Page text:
1975, Music

There’s No Place Like America Today (1975) by Curtis Mayfield

My general, um, impression of Curtis Mayfield is that his version of soul is just way too slick for me. I’ve felt this about the limited albums of his I’ve heard, be it solo or the Impressions. I don’t feel that way as much about this record and I’m not sure if that’s me getting used to him or that this record is just much funkier than the other stuff I’ve heard by him.

First off, I want to briefly talk about the cover: it is one of the all time great album covers and I’m just amazed that I’ve never seen it before on any lists of those things. It’s a testament to the systemic racism suggests in this very album cover that such a great album cover is routinely ignored by the cultural industry. (Which is, needless to say, dominated by white people.) If only the music fully lived up to the cover.

The songs are pretty catchy. Whatever I might have thought about Mayfield’s other records I’ve heard, I’ve never though the songs weren’t catchy. He has a gift for melody that is fairly unequaled in the soul world. (I guess Smokey Robinson would be way up there, and some of the Motown songwriters -but which ones? – but Mayfield is right up there.)

The lyrics are just not quite as overtly political as I was expecting. Maybe that’s a compliment but I don’t mind explicit politics in music. Who am I to tell him how to express himself but I feel like my biggest criticism of the record is that I expected it to be more scathing lyrically than it is, especially with a cover like this. I can’t decide whether that’s entirely on me – again, who am I to tell him how to express himself – or whether the cover sets us up for something that doesn’t quite follow through.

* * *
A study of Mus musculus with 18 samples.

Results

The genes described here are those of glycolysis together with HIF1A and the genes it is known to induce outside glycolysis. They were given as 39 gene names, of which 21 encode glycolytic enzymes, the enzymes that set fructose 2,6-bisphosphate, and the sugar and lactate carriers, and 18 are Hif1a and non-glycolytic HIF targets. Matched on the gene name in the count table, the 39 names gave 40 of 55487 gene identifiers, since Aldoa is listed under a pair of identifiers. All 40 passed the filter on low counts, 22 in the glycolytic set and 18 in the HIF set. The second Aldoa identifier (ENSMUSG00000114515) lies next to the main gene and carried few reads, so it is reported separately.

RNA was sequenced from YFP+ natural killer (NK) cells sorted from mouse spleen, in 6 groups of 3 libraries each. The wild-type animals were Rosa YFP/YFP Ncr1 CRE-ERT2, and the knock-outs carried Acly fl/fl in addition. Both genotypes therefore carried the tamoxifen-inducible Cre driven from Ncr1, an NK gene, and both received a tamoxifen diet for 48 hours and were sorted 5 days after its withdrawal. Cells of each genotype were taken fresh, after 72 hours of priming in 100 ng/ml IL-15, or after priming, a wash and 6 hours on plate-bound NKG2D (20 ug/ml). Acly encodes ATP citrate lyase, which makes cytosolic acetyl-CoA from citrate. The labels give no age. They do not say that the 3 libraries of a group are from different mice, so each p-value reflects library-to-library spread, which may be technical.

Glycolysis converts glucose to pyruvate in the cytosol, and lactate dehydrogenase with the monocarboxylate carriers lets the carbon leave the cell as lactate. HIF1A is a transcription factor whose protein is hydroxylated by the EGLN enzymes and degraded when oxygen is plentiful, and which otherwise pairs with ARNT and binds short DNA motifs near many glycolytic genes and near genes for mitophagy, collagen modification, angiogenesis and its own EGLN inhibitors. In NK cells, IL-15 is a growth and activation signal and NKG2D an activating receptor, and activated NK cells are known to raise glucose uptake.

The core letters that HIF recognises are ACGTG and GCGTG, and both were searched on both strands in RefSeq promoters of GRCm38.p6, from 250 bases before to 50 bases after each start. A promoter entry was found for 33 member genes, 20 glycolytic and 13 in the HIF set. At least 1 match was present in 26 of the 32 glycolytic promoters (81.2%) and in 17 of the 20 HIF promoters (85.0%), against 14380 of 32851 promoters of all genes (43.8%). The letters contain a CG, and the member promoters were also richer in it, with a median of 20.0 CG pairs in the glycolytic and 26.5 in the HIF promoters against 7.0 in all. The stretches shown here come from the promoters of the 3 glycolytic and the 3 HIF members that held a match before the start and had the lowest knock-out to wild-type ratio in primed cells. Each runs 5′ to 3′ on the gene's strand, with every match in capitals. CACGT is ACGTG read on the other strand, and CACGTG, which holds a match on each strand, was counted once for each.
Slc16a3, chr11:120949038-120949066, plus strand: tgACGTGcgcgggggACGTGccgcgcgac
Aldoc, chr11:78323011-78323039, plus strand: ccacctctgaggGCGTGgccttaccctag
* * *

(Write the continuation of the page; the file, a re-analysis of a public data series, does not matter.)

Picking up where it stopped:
But I like the sound – it’s extremely slick funk but it feels significantly leaner than the other Mayfield solo stuff I’ve heard. When the orchestra comes in it’s subtle, which is not something I was expecting. It’s still too polished for me – I’ll take Funkadelic or Sly Stone or James Brown over this any day – but it feels restrained and lean and, as a result, funky. Mayfield’s perfectionism is much easier to take in this kind of setting.

And that leanness means it still sounds good today. Sure, it’s unmistakably a ’70s record but it hasn’t aged to the degree that some ’70s soul and funk has. Combine that with the focus of some of the lyrics and it feels as relevant today as ever. (I’d like to say that’s completely a good thing. It’s a good thing musically. Socially it’s a very bad thing, obviously.)